Working in a harmonious environment is a wonderful situation for all concerned, as long as everyone knows where they stand.
But what if the line becomes blurred between the professional relationship and a personal friendship? Is it possible to be both a boss and friend?
On the one hand, it can be a positive thing to manage your friend. Increased communication, closer cooperation, and a generous dose of goodwill are great ingredients to improve productivity and performance.
However, when there’s a whole team involved, things aren’t quite as straightforward, so the situation can quickly go pear shaped.
Peter Bregman, a well known leadership coach, sums up the main skills required by a ‘manager friend’ as ‘unwavering integrity, emphatic listening, clear speaking, and strong boundaries.’
Before trouble at the mill is brewing, it’s a good idea to review your management style and your day-to-day behavior towards your team.
Here are 4 useful tips on how to be both a boss and a friend.
1. Set Clear Expectations at Work
Office policies and procedures are only meaningful if they apply to everyone equally. Ensure that all team members abide by the same rules, friends included.
This goes for time keeping and shift scheduling, dress codes and professional behavior, team tasks, and performance standards.
When it comes to enforcing workplace policies, it’s tempting to be more relaxed with trusted personal friends who you know won’t let you down.
Whether you allow them to turn up in jeans, give them more flexibility in their working hours, or an easier ride when it comes to performance targets, this is a dangerous path to tread.
Favoritism is not only unfair to others, it will be noticed faster than you may think, and quickly sow seeds of discontent within the team. Make sure you set clear and consistent expectations across the whole team.
2. Lead by Example
As a team leader, it is up to you to set the bar for the desired attitudes and behavioral standards of the entire team.
Your own professional behavior is what your staff will be looking to for guidance. Human failings notwithstanding, you need to show them how it’s done.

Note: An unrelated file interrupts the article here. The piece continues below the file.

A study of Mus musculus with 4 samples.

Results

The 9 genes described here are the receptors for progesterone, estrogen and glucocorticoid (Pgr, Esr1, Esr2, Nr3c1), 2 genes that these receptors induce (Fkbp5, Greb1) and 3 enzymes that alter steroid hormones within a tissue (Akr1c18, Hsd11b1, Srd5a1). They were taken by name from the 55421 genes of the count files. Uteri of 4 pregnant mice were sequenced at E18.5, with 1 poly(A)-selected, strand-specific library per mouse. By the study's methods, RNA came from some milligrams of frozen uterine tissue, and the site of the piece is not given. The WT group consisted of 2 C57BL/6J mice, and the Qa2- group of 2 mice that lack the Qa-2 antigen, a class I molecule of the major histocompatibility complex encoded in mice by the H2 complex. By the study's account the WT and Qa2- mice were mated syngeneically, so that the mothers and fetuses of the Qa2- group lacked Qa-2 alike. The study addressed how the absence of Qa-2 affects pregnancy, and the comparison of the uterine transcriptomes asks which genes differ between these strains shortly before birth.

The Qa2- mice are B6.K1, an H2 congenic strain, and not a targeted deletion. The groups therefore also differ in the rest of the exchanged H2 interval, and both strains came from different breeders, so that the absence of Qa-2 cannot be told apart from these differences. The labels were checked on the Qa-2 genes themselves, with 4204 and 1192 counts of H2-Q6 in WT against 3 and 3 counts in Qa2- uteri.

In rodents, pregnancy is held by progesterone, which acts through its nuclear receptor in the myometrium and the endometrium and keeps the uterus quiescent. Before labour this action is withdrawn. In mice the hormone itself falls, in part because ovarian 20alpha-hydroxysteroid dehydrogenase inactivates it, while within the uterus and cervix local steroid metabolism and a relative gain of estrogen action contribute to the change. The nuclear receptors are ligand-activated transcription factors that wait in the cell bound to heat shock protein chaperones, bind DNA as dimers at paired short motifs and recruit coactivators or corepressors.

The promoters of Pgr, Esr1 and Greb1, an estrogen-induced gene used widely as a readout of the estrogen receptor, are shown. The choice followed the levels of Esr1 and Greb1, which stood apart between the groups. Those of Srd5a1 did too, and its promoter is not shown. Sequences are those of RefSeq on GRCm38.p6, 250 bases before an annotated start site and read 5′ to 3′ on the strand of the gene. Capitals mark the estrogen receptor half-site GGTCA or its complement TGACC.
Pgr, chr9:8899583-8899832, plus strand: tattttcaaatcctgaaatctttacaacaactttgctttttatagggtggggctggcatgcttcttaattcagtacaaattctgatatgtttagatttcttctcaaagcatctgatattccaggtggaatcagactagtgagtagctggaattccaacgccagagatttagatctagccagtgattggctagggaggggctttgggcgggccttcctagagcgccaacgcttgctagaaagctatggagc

Practice excellent customer service and great interpersonal skills. Dress professionally, and maintain a good work ethic.
Make sure everyone in your team knows that they are equally valued for the contribution that they make, and that career development opportunities are open to all.
Address any shortcomings straightaway. Regardless of whether one of your team members is also a friend, you cannot tolerate unacceptable behavior or poor performance within the workplace.
3. Establish Guidelines for Socializing with Staff
You may all be one happy family at work. But if you regularly go out for drinks with one of your employees or spend time together at the weekend, your other staff members are bound to wonder what’s going on.
Will the ‘manager’s pet’ be privy to insider knowledge or confidential information that the rest of the team don’t have access to? Will your work decisions be disproportionately influence by the opinions for your ‘friend’?
Will your buddy receive preferential treatment in terms of pay or promotion? You can see how easily the team dynamics can be negatively affected by your innocent actions.
It’s important to establish accepted guidelines for socializing with your staff, keeping a distance between your personal and professional life.
The occasional lunch with individual team members might be OK, but you may need to draw the line at after hours partying.
That said, if your friendship is long standing, a mutual agreement to keep your relationship simple and professional in the workplace may well be all that’s needed.
4. The Minefield of Social Media
Facebook and other personal social media platforms are another flashpoint. Connecting professionally on LinkedIn is not an issue. But once you veer into the personal sphere, things take a different turn.
People use their private Facebook or Instagram accounts for all sorts of purposes, on the understanding that they can be open and honest, posting and sharing whatever they like. But how comfortable would you feel if your personal ‘stuff’ was shared with other members of your team?
The repercussions of an inappropriate post or image could undermine your professional reputation.
Think twice about connecting on social media with the people you work with. If you must be Facebook friends, it may be time to review your privacy settings.
How Can You Be a Boss and a Friend?
If you have ideas that you feel like sharing that might be helpful to readers, share them in the comments section below. Thanks!